Thinking & Grieving

This post deals is inspired by a blog post from a fellow MAPPster, Lucy Hone, 2010, who is coping with grief from the death of her 12-year-old daughter, pulling on what she learned from MAPP, and sharing the process with the world. She powerfully rebuts “The Fluffy Fallacy” (that positive psychology is “fluffy” – not something for the hard times -and that it means avoiding “negative” emotions, SMART Strengths, pp 167-168). If you don’t have time to read both, read hers! Before pulling a key paragraph from Lucy’s post, let me make two points about this post and my reaction to it that emphasize the roll SMART Strengths can play

MAPP Magic

John, Sherri, and I, as members of the first MAPP class, wondered if the closeness and camarderie we felt was just because we were the first. And we wondered what it would be like to meet class 2, and 3, and so on. Turns out, the “MAPP magic” as Marty called it in Flourish, seems to be arise from the experience of studying and practicing key positive psychology principles in the company of a committed cohort. (Those of you responsible for school culture, think about what a little “MAPP Magic” could mean for your school or system.) Moreover, many of us who have the opportunity to meet and work with members of other classes find there is a connection and camraderie that manifests quickly. Many of us feel part of something bigger than ourselves – again using Marty’s language. Thus arises the connection with a MAPPster who graduated four years after us.

So What?

So, why am I writing about this? Well, in the words of another member of our MAPP experience we miss, Chris Peterson, Lucy answers a key question: “So what?” That’s what Chris used to ask about research. He’d ask it of us about our ideas, and he asked it of his own work. What difference will it make? How will it help us live “the good life”? We’ve tried to make the point in this blog on occasion that learning what we call the “SMART Strengths skills” – our way of sharing Positive Psychology research – makes a difference in life. The skills help us reach our goals, sometimes in trivial ways (but even “trivial” changes mount up over time). Our goals are sometimes about achieving some task or reaching some milestone.  But, sometimes we have to make it through, first. And that does not mean ignoring the bad.

Anyway, this lady I am most proud to identify as a fellow MAPPster is responding to her loss by sharing in her way, even as we are in ours, what she has learned. And she is doing it by being open and vulnerable about this time in her life. In the following passage, she talks about using the skill of separating thoughts from the emotions and reactions they drive to make choices about how she is responding to her grief:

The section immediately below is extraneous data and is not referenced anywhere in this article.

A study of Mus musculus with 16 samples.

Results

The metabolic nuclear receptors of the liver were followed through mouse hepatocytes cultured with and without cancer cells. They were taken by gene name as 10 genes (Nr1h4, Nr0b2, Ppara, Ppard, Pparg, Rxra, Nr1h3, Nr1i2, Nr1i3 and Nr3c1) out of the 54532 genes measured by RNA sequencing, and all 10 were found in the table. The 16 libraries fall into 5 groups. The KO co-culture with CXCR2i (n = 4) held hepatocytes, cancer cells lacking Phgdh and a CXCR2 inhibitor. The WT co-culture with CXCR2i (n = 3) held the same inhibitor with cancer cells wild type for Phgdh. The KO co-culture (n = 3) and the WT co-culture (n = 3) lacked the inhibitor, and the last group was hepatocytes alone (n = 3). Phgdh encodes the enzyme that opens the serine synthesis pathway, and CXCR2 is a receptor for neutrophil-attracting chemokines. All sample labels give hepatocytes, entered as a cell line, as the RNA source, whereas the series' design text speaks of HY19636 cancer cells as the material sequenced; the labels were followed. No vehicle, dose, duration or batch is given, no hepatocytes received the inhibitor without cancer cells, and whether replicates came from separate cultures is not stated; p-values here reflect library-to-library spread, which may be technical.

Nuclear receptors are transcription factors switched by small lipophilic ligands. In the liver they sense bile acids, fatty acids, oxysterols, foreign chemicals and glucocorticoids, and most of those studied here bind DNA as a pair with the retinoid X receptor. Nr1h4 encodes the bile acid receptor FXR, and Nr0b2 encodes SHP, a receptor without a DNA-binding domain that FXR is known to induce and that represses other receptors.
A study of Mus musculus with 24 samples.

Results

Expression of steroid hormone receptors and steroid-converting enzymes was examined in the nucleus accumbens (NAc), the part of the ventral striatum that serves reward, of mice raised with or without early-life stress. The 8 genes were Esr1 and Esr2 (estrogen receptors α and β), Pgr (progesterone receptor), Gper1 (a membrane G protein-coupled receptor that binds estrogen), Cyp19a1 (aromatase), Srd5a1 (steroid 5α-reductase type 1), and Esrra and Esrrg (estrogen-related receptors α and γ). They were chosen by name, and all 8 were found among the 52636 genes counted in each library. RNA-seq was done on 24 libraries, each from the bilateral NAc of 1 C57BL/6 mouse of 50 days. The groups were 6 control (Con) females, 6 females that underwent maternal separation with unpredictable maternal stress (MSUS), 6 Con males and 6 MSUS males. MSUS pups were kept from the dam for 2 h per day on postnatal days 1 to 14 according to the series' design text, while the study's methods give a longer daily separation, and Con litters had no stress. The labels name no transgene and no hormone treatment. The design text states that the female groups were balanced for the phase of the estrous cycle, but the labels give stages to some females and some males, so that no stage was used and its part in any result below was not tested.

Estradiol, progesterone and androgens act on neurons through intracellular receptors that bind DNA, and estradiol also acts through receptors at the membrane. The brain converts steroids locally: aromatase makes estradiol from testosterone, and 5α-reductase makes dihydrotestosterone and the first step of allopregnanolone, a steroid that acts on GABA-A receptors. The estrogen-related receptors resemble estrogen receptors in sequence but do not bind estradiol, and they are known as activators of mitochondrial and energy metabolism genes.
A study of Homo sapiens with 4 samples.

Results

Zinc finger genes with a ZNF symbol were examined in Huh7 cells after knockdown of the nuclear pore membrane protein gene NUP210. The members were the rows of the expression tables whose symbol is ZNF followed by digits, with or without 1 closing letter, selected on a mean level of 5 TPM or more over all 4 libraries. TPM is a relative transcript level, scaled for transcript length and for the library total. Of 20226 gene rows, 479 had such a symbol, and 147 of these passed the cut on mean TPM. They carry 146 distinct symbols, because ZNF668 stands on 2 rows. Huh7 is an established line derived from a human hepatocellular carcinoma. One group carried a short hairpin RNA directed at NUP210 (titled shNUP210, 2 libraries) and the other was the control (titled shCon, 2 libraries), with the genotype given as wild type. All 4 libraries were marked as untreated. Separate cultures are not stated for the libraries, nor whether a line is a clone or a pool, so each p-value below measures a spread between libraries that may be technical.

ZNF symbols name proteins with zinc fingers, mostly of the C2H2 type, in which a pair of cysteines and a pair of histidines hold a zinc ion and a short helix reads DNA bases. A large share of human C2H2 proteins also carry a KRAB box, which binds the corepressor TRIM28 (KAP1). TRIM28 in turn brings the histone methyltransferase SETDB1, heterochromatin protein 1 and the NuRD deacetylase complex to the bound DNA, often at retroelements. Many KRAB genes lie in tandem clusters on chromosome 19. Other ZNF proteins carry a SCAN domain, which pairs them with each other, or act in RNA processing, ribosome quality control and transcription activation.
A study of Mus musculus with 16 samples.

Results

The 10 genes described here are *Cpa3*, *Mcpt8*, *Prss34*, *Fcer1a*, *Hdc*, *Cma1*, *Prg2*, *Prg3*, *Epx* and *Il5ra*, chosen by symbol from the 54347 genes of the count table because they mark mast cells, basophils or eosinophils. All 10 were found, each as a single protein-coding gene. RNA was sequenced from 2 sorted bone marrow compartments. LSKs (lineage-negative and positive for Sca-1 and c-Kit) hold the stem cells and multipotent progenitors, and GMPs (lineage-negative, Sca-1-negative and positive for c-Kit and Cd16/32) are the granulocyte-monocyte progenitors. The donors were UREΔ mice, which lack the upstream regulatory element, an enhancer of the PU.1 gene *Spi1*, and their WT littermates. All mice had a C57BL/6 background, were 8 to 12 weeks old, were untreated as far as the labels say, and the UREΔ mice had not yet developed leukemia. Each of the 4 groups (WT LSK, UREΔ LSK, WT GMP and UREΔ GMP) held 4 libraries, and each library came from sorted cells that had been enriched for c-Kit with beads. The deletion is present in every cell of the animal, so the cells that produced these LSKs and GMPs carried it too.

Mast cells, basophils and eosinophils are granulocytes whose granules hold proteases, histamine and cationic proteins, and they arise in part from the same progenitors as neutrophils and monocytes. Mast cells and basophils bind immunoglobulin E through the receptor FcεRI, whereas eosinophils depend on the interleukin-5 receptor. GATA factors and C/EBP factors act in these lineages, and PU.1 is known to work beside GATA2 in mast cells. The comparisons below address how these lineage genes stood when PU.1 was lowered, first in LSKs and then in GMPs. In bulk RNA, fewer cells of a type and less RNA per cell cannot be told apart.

“When I’m trying to decide whether I will do something (get up and go for a run, have another glass of wine, visit the scene of the crash, read the media coverage) or continue to think in a particular way (go over and over again the what ifs of Abi’s death) I ask myself “is this activity/way of thinking helping or harming my healing/grieving?” This is not to say I am going all out to avoid thinking about her death, just that we do have a degree of choice in what we focus our attention and energy on; if it’s not helping me, I’m not doing it. Sometimes, looking over photos, I sob my heart out knowing it’s what I need. At other times, when listening to the girls’ favorite music and the ache inside gets too much, I make myself put something else on, or pick up the phone and call a friend. Asking myself the helping or harming question enables me to act intentionally, it’s not about avoidance or denial, just taking some control over my experience.”

Taking Action

Please read Lucy’s post. It is so worth your time. Then, if you are in a leadership position in a school, ask yourself how important these skills are for you, for your fellow educators, for your students and their families. What might a little MAPP Magic do for faculty camaraderie and school culture? How could some SMART Strengths skills help your students not only set and achieve some challenging goals, but also persevere through their toughest times? Now, where do you have control? How can you help make sure someone is not only better able to reach their goals, but also more equipped to face the tragedies that life sometimes hands us? We encourage you to take some action now. We are here to help, and contacting us to talk about your school or system and the challenges you face is one possible step. But we are not the only ones. If you look, the resources you need are likely available. If we are not the right fit for you, we will be happy to put you into contact with other education-focused positive psychology practitioners. Your leadership may be, in fact likely will be, the difference for some students and faculty as they face some future challenge.